Chronic exertional compartment syndrome (CECS)—can be a completely sidelining injury. It’s a condition most commonly seen in the lower leg among athletes, especially endurance runners. Symptoms typically develop as a tolerable pain, but as the runner continues running the pain worsens until it becomes unbearable and the runner has to stop. The pain usually subsides with rest.

This happens because the fascia (the connective tissue surrounding muscles, nerves, arteries, and veins) loses its elasticity. The lower leg is divided into 4 compartments, each surrounded by fascia. When you exercise and contract your muscles, the fascia expand and increase in volume. So if the fascia isn’t pliable, the pressure within the compartment increases, resulting in pain. There is mixed research on the exact cause of pain, but is generally thought to be a result of nerve and/or arterial compression. How the fascial elasticity is lost is unclear, but there is a genetic predisposition. Other risk factors include using creatine supplements and androgenic steroids.

CECS commonly requires surgery, and most surgeries have very good success rates. Typically CECS affects the anterior or anteriolateral compartments, and these have success rates from 70-80% for surgery. However, more recently there has been research into conservative treatments, particularly running mechanics retraining since so many CECS cases involve runners.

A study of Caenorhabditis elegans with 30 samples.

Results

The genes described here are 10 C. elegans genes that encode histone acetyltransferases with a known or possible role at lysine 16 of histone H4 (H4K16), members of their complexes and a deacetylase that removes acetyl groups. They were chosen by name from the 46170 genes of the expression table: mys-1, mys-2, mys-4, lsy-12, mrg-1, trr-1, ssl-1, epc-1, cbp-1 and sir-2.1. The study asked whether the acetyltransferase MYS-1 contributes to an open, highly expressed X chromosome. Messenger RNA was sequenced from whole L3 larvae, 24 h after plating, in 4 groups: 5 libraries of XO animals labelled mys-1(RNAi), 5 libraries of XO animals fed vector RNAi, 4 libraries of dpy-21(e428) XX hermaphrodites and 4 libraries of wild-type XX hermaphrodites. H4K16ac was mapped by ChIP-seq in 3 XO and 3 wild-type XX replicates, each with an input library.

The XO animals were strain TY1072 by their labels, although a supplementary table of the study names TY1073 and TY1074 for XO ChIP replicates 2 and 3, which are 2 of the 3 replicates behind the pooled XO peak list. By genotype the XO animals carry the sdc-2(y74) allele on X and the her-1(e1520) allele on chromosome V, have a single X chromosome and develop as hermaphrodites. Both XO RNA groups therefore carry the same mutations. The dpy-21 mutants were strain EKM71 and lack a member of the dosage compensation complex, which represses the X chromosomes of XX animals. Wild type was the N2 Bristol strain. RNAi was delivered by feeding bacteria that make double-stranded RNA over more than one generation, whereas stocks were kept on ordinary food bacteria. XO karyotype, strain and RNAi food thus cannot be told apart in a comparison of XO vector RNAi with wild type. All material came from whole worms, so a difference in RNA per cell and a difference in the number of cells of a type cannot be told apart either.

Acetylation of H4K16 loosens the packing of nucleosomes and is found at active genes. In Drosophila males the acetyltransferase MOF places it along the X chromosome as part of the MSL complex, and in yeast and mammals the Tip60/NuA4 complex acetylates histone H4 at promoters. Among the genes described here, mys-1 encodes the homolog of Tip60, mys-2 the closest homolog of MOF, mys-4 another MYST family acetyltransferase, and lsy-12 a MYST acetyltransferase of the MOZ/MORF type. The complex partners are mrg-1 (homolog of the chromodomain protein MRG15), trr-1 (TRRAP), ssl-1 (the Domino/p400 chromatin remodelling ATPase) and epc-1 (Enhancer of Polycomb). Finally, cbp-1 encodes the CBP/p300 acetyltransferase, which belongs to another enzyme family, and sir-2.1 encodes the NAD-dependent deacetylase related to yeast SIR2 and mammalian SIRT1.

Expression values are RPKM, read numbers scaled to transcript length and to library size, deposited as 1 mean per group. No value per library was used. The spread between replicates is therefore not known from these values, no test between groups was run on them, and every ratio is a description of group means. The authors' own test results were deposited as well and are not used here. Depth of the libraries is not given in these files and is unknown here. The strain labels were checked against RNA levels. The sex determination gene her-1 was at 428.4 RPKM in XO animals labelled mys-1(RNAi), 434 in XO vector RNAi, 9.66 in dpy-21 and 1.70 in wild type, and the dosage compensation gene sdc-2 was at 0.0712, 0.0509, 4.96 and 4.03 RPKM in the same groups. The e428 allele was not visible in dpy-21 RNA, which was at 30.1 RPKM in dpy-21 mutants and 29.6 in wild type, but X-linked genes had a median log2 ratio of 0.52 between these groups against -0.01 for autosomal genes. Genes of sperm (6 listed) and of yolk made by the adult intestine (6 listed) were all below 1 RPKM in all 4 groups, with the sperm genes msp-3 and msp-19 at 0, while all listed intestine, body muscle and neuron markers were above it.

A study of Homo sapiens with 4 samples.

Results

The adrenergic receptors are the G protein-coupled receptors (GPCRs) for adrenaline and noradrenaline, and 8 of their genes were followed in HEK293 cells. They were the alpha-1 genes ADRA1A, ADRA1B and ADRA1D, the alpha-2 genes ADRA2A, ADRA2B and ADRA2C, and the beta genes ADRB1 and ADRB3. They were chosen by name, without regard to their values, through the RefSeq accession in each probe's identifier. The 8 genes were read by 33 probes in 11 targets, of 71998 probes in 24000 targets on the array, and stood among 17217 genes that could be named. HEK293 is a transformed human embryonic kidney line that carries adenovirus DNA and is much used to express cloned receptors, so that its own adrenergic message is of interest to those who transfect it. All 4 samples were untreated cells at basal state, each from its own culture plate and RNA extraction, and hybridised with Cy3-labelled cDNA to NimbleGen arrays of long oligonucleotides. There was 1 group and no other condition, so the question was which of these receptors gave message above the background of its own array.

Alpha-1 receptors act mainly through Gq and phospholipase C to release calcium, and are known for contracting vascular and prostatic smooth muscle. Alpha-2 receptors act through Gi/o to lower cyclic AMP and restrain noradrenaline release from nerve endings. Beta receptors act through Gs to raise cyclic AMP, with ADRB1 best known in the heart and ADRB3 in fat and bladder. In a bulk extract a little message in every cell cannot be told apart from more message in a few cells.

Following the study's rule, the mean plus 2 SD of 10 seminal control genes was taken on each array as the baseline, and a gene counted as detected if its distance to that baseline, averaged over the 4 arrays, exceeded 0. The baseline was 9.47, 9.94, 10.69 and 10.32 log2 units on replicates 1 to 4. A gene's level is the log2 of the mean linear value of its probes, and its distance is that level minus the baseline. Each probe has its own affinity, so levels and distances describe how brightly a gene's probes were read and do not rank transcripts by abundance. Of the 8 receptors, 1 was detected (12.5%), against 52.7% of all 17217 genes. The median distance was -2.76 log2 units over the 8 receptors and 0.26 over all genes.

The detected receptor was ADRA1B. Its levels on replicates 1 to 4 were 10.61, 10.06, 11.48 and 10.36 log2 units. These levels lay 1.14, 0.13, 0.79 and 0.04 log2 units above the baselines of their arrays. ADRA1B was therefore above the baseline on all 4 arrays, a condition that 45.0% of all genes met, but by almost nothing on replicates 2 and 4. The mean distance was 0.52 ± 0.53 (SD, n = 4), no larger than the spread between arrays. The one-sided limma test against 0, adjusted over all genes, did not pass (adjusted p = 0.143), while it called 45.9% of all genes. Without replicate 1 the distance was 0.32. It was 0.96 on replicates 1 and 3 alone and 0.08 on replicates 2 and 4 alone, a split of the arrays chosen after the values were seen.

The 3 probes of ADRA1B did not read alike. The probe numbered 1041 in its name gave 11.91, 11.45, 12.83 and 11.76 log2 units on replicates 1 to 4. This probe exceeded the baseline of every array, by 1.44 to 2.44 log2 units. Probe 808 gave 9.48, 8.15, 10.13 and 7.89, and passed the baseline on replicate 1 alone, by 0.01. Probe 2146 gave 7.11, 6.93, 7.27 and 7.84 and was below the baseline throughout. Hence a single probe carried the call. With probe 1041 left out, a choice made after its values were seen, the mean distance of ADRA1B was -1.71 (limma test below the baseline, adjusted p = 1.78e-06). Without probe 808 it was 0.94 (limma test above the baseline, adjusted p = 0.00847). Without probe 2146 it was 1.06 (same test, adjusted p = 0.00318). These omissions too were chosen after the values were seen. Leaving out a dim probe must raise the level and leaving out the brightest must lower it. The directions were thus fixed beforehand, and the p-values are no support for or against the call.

One study showed that participants with CECS had a decreased forward trunk lean, longer step length, and increased plantarflexion at push off. The longer step length can cause forces from landing to have a greater impact on the anterior lower leg. The anterior tibialis muscle is required to do more work to control the foot landing if the step length is longer and there is more plantarflexion in push off. So, the general idea is that there is more force going to the front of the lower leg (anterior compartment) and more work required from the anterior tibialis muscle (muscle in the anterior compartment).

The goal of running mechanics retraining would then be to decrease the landing force going to the front of the lower leg and reduce the amount of work required by muscles in the anterior compartment. Forefoot striking, increasing cadence (steps per minute) and cueing hamstring focus instead of calf focus to initiate push off have all been used. In one study, runners were able to complete a 5k pain free as a result of these running mechanics combined with a consistent physical therapy treatment program

While bad running mechanics in and of themselves are not a cause of CECS, the evidence shows that they may perpetuate the symptoms. It is worth addressing, especially as some cases have avoided surgery as a result.

Dr Cathlin Fitzgerald, DPT, CSCS

 

Roberts A Roscoe D Hulse D Bennett AN Dixon S “Biomechanical differences between cases with suspected chronic exertional compartment syndrome and asymptomatic controls during running”. Gait & Posture. 2017; 58: 374-379. Rajasejaran S Hall MM “Nonoperative management of chronic exertional compartment syndrome: a systematic review”.

Current Sports Medicine Reports. 2016; 15(3): 191-198. Campano D Robaina JA Kusnezov N et al. “Surgical management for chronic exertional compartment syndrome of the leg: a systematic review of the literature”. Arthroscopy: The Journal of Arthroscopic and Related Surgery. 2016; 32(7): 1478-1486.

Brennan FH Kane SF “Diagnosis treatment options, and rehabilitation of chronic lower leg exertional compartment syndrome”. Current Medical Reports. 2003; 2:247-250.